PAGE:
Living up to a royal superwoman

By Liao Danlin Source:Global Times Published: 2015-5-7 19:18:02

Kate Middleton’s quick public appearance sparks debate in China

The Duke and Duchess of Cambridge leave the London Wing of St. Marys Hospital with their new baby daughter. Photo: CFP

While people in the UK were celebrating the birth of the nation's second royal baby, the public in China fell into an online discussion about China's postnatal care tradition.

"Am I the only one who cannot stand up at all 10 hours after giving birth?" "This is the difference between physiques and different races." "She must be very sad because being a royal means you have no time to rest."

Although Chinese netizens posted various opinions after seeing Kate Middleton appear before the public just 10 hours after giving birth, they had one thing in common: They were shocked.

No celebrity in China would be willing to make a public appearance within the first month of their postnatal period, or even if they did so, they would at least be wearing a hat, a scarf and some warm clothing instead of high-heels and a short dress.

The no-nos of tradition

For hundreds of years, Chinese people have put their trust in the idea of zuoyuezi (sitting the month), a one-month period of time after giving birth in which new mothers follow certain restrictions such as not coming into contact with cold water, not going out if the weather is windy and not eating or drinking cold food or drinks.

The main purpose of sitting the month is to allow mothers to rest and stick to a healthy diet that can help recover lost qi and blood. Based on traditional Chinese medicine, pregnancy and delivery opens up the joints between bones therefore exposing them to cold air could cause arthritis in old age.

Thus, one of the most important principles for new mothers is to keep warm and reduce exercise as much as possible. 

Restrictions can go as far as no showering, no brushing teeth and no outdoor exercise for a whole month. Chicken soup, pig's feet soup and eggs are the most recommended dishes. Few in China would be surprised to hear a new mother had eaten several dozen chickens and eggs during their first postnatal month. It may sound unbelievable for women living in modern cities but in some rural villages, such rules are still followed.

Nowadays, even though changing lifestyles mean a lot of new mothers are abandoning some of the stricter rules, people in China still see zuoyuezi as an important routine after labor. Older generations are firm believers in the benefits of this tradition, which means most parents, especially mothers, try their best to persuade their daughters to adhere to the rules.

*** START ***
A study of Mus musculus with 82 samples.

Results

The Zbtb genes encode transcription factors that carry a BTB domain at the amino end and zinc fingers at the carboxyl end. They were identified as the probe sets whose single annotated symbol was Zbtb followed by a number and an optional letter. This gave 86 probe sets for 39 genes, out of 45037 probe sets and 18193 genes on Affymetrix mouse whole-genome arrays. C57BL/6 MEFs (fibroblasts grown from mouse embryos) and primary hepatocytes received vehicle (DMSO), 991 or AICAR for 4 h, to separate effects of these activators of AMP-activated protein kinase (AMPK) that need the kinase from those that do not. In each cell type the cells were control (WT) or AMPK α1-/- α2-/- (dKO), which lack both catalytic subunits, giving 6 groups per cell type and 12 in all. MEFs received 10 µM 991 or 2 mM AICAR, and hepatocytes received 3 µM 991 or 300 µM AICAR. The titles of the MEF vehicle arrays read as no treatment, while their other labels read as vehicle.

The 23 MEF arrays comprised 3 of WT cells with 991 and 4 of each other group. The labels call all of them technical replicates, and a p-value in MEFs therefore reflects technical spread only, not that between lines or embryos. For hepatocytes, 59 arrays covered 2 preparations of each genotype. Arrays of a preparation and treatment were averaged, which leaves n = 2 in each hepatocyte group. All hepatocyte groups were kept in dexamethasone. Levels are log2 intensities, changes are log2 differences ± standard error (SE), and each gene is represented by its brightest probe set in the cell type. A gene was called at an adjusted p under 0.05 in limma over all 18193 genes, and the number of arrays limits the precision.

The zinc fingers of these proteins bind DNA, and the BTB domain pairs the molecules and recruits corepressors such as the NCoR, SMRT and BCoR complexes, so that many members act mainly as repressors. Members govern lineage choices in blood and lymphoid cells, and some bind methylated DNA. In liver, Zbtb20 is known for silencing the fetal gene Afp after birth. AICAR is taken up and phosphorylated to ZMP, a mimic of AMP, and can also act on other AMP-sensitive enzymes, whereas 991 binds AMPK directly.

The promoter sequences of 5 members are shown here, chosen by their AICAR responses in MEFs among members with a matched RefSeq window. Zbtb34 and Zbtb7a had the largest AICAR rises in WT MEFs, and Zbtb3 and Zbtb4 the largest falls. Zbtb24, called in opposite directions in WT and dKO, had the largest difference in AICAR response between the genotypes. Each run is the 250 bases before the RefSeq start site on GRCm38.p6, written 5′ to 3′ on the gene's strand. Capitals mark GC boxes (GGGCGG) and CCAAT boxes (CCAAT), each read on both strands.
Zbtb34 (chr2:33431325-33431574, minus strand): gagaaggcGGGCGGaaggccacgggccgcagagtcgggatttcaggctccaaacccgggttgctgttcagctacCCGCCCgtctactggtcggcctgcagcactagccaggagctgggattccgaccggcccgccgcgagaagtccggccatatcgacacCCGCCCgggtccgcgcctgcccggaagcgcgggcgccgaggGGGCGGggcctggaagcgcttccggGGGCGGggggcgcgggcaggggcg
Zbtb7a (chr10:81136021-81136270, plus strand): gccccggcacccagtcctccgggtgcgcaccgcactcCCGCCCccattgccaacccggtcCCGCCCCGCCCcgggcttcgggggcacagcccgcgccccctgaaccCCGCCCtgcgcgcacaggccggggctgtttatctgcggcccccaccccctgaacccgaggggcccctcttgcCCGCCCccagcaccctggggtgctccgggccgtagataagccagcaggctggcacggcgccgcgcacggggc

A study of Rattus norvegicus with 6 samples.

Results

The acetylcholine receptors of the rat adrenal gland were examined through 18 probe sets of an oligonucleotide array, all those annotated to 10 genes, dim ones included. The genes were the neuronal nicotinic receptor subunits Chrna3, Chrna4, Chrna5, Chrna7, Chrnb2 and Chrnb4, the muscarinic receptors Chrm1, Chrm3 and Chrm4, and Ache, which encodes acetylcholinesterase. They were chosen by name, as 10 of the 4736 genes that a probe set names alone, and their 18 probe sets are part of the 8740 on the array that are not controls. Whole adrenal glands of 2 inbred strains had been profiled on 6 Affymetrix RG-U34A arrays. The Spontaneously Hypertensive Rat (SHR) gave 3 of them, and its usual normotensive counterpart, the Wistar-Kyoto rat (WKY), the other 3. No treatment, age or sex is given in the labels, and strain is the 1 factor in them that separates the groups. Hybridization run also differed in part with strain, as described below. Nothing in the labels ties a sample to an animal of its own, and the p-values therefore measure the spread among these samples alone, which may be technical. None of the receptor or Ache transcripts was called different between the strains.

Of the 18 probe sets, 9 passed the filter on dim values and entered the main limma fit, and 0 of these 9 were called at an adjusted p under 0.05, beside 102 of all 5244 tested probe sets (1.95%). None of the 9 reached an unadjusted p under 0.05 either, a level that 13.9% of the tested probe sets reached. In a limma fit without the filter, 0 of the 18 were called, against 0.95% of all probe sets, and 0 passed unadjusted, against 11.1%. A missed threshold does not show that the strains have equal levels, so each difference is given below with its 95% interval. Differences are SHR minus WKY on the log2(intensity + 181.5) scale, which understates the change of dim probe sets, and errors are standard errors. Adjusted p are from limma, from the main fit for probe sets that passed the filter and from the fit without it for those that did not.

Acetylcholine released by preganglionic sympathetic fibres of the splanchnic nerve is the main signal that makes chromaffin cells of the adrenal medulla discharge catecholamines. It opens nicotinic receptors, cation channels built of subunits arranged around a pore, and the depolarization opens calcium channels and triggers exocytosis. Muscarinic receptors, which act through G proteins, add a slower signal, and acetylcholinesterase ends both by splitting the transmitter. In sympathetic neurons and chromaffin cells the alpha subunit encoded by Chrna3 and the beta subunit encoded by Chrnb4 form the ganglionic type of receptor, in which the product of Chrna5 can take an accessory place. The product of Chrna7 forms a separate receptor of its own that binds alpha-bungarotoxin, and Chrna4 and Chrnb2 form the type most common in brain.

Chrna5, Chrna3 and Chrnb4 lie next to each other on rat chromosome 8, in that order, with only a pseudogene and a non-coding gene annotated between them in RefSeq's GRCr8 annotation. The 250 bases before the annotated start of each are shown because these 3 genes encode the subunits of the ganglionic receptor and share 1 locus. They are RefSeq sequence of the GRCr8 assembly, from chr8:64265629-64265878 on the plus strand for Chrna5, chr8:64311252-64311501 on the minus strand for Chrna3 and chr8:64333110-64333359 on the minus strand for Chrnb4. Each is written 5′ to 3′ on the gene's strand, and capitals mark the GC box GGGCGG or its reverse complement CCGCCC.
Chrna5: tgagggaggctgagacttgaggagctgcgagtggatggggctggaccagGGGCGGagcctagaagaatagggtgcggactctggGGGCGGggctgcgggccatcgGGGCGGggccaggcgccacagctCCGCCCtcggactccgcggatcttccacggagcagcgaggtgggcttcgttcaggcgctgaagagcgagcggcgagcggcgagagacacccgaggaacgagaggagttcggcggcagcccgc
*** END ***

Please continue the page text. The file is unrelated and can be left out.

Photo: IC

Culture shock

Yang Liang, 34, just had her second child in the UK last year. For Yang, it was truly a shock back in 2010 when she gave birth to her first child in England.

"The woman next to me gave birth in the morning and just left the hospital in the afternoon carrying her baby in a basket. It was like she gave birth to an egg instead of a child," Yang told the Global Times.

In China, most hospitals keep a new mother and her baby for three days. In case of a C-section, mothers stay for about five days.

Yang was exhausted after her delivery and stayed the night at the hospital. At three a.m. she was woken up by the nurse and told that she needed to take her baby to another building for a health check as the boy's temperature was slightly higher than normal.

"I told the nurse I could barely stand and that my husband just lived nearby and he could come immediately. She didn't understand because in the UK women can easily return to their feet after delivery," Yang said, adding that she did what she was told to and next day she was exhausted and stayed in the hospital for a week.

Differences were not limited to the treatment of mothers. Yang told the Global Times that as she was not able to breastfeed her baby when she was sick, the hospital provided room-temperature milk for her to feed the baby.

"In March it is still cold in England. We obviously wouldn't give cold drinks to small children in China," said Yang.

Yang attributes the difference between the experience she had in the UK and what her counterparts experience in China to "different physical characteristics." A lot of Chinese netizens share a similar view, commenting that "any experienced mother would know the importance of zuoyuezi is not an exaggeration. Anyone can try the duchess's way but they are most likely to regret it later because Chinese people are not raised the same way as Westerners." 

The explanation probably also provides a reason why postnatal care centers are becoming popular among Chinese in the US. Most Chinese people believe in the principles of Chinese medicine. Thus even after years spent living abroad they still follow the basic rules of what was passed down to them from older generations.

China is not the only place that follows the zuoyuezi tradition.

Lim So-yeon from Seoul, 31, has a one-year-old boy and is about to have her second baby at the end of 2015. She told the Global Times that in South Korea, the zuoyuezi period is two months. New mothers are told not to come into contact with cold water and the preferred menu every day for them is beef and kelp soup. 

While no consensus has been reached on the zuoyuezi debate (to do it or not), individuals should choose whatever they feel the most comfortable with.